I am trying to understand how and why the fourier transform is used in image processing / computer vision. Below is what I have gathered so far. Would my understanding of it be correct? If not, could somebody explain it to me in simple, plain english? Or, does anybody have anything to add to it? Last but not least, could somebody explain the "discrete fourier transform"?

The fourier transform decomposes an image into its sine and cosine components. Put simply, sine and cosine are waves starting at a minimum and maximum respectively. In the real world, we can't tell whether a wave that we observe started at a maximum or minimum point, and therefore we can't really distinguish between the two. Therefore, sine and cosine are simply referred to as sinusoids.

When applying the FT to an image, we transform it from its spatial domain into a "frequency domain", which in essence is the image represented in terms of its variation in colour and brightness over time (well, not time, but space. That is, over a number of pixels).

EDIT: Why would I use the Fourier Transform? And what are its benefits over other methods? For example, one application in literature is in shape recognition or noise elimination. In basic terms, how could one go about shape recognition using the FT?

  • $\begingroup$ Here's a real-world (if a bit dated) application: use the FFT to efficiently compute compute the normalized cross-correlation between a pattern and an image, used in tracking (or, how they got Tom Hanks to chat with LBJ in "Forrest Gump"): idiom.com/~zilla/Papers/nvisionInterface/nip.html $\endgroup$
    – Franco Callari
    Commented Feb 25, 2013 at 18:20
  • $\begingroup$ Mhh, sorry, could you elaborate? I don't fully understand :) $\endgroup$
    – user1796218
    Commented Feb 25, 2013 at 18:51
  • $\begingroup$ You asked: "Why would I use the Fourier Transform?", I gave you a real-word example where the Fast Fourier Transform is used to accelerate the computation of the normalized cross-correlation for feature tracking in a movie sequence. That algorithm was first used in the production of "Forrest Gump", read the paper for details. $\endgroup$
    – Franco Callari
    Commented Feb 25, 2013 at 19:25
  • 2
    $\begingroup$ This might be of use to you. $\endgroup$
    – Spacey
    Commented Feb 26, 2013 at 13:47
  • $\begingroup$ Really, the Fourier transform breaks a signal up into complex exponentials, so it can measure the magnitude and phase at each point, but maybe this is more confusing than helpful. :D dsp.stackexchange.com/a/449/29 $\endgroup$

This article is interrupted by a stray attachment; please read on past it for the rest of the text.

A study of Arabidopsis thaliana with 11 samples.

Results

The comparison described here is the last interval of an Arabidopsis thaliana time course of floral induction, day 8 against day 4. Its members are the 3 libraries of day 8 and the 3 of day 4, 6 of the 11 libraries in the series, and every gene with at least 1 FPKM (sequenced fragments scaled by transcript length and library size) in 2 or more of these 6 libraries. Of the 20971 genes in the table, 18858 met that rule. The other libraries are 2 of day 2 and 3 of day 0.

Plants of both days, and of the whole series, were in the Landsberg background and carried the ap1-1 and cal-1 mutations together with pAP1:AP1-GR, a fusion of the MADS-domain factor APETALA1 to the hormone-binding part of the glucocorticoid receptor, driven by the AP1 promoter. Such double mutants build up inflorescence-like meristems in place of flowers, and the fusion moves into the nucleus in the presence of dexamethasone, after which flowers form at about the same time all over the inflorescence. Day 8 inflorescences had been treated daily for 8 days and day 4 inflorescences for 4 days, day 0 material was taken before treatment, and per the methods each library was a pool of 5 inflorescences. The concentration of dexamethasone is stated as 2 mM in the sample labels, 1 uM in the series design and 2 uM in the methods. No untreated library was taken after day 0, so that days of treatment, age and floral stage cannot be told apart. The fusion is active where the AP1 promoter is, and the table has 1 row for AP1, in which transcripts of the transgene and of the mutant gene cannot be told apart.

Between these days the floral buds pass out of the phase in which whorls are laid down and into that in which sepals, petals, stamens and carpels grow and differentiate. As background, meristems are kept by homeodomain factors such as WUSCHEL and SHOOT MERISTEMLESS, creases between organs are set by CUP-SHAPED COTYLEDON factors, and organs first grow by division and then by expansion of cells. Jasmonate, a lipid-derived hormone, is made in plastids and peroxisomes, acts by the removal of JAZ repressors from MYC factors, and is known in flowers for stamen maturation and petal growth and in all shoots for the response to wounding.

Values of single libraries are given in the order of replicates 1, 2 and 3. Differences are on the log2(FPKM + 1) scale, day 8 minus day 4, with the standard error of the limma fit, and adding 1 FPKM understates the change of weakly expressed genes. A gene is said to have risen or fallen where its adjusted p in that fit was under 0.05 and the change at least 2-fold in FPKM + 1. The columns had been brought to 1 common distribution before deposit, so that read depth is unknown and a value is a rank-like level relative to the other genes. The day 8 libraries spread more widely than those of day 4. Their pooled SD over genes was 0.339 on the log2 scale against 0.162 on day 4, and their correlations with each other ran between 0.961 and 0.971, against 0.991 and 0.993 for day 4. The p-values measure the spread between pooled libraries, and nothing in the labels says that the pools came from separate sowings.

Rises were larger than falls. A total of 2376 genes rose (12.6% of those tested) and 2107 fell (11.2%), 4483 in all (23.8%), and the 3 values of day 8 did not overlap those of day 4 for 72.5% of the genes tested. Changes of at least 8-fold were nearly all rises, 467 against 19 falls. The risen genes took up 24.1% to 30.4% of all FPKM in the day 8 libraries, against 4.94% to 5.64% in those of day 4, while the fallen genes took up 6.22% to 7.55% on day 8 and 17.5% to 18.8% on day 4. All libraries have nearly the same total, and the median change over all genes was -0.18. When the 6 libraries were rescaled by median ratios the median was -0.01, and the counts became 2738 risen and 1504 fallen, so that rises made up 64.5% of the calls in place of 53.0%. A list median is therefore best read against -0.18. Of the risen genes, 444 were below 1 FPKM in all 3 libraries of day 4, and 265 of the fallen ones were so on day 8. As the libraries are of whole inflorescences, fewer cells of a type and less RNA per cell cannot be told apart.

– endolith
    Commented Feb 26, 2013 at 15:35

1 Answer 1


At a conceptual level, the Fourier Transform tells you what is happening in the image in terms the frequencies of those sinusoids. For example, if you have a picture of a plain wall, the values of the pixels change very little as you go from left to right or from top to bottom. In the frequency domain that means that your image contains low frequencies, but no high frequencies.

On the other hand, if you have a picture of a picket fence, then the values of the pixels change all the time as you go from left to right. So in Fourier domain you have high frequencies in the X direction, but not in the Y direction.

Finally, if you have a picture of a checkerboard, then the pixel values change a lot in both directions. Thus the Fourier transform of the image will have high frequencies in both X and Y.

Because the Fourier transform tells you what is happening in your image, it is often convenient to describe image processing operations in terms of what they do to the frequencies contained in the image. For example, eliminating high frequencies blurs the image. Eliminating low frequencies gives you edges. And enhancing high frequencies while keeping the low frequencies sharpens the image.

FFT is used extensively in image processing and computer vision. For example, convolution, a fundamental image processing operation, can be done much faster by using the FFT. The Wiener filter, used for image deblurring, is defined in therms of the Fourier transform. But more importantly, even when the Fourier transform is not used directly, it provides a very useful framework for reasoning about the image processing operations.

Steve Eddins, one of the authors of "Digital Image Processing with MATLAB", has a whole series of blog posts on the Fourier transform and how it is used in image processing.